The origin of the legend of the selkie is an oddity to me. What was it about the seals of the British Isles that struck islanders as mysterious and mildly frightening? I can understand why they were sometimes mistaken for humans and mermaids. In the water a seal is as lithe and graceful as it is bulky and sluggish on land. Still, there have been a fair amount of selkie tales that place the mysterious creatures firmly into the realm of the creepy. From Mollie Hunter's dark, "A Stranger Came Ashore" to Eve Ibbotson's light-hearted but sometimes dour, "Island of the Aunts", these wondrous creatures have inspired a great number of children's authors to weave together tales of the selkies of the deep. With "Daughter of the Sea", author Berlie Doherty strives to do the same.
Jannet and Munroe were not meant to find the sleeping babe floating between the rocks of the skerries. But find the child they did, and in their childless state the dearest wish of their hearts has come true. They've been given a daughter of their own to raise and love. Watching enviously from her beachside home, indigent Eilean o da Freya watches the gift that should have been hers as the child grows and learns. Eilean understands exactly what little Gioga (as her parents have named her) is and she will use this knowledge carefully in the future. Meanwhile, mysterious creatures from the deep are preparing to take the girl back with them. If Jannet and Munroe resist, they may find themselves in a deeper muddle than they ever could have imagined.
Doherty has penned a rather classic tale. "Daughter of the Sea" follows in the tradition of all those classic fairy tales about children that don't quite belong. The old standby of the barren couple who want to raise a kid of their own is in everything from ancient Norse myths to classic Brothers Grimm tales. In this particular case, "Daughter of the Sea" is mightily similar to Eloise McGraw's, "The Moorchild". In both books you have young daughters that are a little different from everyone else and feel drawn to mysterious beings they want to understand. In the case of this book, Gioga is a little different from your average heroine. She's so drawn to the sea that she can barely pay attention to the people who love her. You're not certain how or who to root for in this tale, but it's fairly clear that the moral of the story is that you shouldn't prevent your children from being who they are rather than who you want them to be.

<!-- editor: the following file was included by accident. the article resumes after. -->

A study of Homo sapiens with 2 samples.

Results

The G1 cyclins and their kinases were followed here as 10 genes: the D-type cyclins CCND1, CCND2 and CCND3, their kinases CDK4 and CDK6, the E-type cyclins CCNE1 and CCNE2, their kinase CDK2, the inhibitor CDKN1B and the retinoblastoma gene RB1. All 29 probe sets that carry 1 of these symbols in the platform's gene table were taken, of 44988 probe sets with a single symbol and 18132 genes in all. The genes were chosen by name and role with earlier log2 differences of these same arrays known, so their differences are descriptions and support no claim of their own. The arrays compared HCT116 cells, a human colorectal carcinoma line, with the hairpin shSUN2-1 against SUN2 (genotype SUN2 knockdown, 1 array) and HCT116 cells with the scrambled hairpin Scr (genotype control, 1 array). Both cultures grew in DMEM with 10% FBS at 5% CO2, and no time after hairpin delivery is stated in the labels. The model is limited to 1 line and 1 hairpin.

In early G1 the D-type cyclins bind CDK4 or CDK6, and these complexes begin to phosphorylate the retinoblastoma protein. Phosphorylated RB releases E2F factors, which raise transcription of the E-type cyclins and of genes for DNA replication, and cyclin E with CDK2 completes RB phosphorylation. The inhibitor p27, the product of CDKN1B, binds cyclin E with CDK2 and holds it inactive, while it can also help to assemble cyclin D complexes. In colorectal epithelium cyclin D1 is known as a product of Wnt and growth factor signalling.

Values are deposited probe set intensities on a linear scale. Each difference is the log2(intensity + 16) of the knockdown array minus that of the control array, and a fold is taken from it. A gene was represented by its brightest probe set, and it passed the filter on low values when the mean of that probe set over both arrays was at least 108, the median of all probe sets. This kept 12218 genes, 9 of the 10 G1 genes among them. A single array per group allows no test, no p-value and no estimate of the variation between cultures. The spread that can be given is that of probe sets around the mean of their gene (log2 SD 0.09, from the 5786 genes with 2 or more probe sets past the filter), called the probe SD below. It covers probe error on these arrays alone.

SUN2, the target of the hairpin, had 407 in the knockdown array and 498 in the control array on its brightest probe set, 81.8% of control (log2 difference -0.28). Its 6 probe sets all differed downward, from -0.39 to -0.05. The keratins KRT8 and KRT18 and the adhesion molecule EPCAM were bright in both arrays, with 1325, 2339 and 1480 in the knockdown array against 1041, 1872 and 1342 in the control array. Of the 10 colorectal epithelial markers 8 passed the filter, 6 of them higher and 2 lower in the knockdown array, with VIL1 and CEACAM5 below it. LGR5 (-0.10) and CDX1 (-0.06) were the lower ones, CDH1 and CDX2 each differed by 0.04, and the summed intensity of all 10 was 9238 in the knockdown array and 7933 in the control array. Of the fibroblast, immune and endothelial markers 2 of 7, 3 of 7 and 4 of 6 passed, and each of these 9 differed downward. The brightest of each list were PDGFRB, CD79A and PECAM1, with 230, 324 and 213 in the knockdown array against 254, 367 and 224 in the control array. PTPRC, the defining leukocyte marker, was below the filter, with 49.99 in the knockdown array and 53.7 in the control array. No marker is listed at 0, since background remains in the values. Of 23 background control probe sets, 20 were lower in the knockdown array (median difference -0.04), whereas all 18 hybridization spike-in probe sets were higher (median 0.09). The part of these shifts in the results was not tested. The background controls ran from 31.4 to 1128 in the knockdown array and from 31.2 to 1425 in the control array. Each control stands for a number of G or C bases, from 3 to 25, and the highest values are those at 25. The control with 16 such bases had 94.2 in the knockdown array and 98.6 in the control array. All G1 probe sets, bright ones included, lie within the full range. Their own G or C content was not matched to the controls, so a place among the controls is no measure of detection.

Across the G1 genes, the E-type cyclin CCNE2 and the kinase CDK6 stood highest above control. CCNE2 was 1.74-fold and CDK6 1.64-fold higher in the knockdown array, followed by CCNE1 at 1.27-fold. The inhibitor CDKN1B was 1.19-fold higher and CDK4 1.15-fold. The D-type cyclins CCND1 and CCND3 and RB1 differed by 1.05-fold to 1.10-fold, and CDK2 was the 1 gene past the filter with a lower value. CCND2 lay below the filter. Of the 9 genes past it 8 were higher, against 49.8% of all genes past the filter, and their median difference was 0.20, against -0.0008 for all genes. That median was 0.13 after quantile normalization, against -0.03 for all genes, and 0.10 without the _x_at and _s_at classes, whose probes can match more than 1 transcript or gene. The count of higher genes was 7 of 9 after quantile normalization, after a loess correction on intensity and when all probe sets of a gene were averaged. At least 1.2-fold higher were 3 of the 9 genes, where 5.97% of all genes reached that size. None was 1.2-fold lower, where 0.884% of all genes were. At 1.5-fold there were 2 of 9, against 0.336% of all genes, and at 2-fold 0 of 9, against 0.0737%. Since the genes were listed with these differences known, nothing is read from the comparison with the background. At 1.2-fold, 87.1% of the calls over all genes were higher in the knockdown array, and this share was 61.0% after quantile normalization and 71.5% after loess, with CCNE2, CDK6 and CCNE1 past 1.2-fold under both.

Unfortunately, "Daughter of the Sea" isn't particularly original. It's definitely written well enough, don't get me wrong. And it also makes for a relatively quick read for kids. But the story doesn't break any new ground. The magic found here could just as easily be found in any classic selkie folktale. Even the conclusion is matter-of-fact and predictable. "Daughter of the Sea" is a nice kind of Intro-to-adapted-folktales. Yet if you're looking for something gripping, original, and a lot of fun then this would not be my first recommendation. Select any of the other books I've mentioned if you like. Read "Daughter of the Sea" only if you're interested in the cannon of complete selkie children's fiction.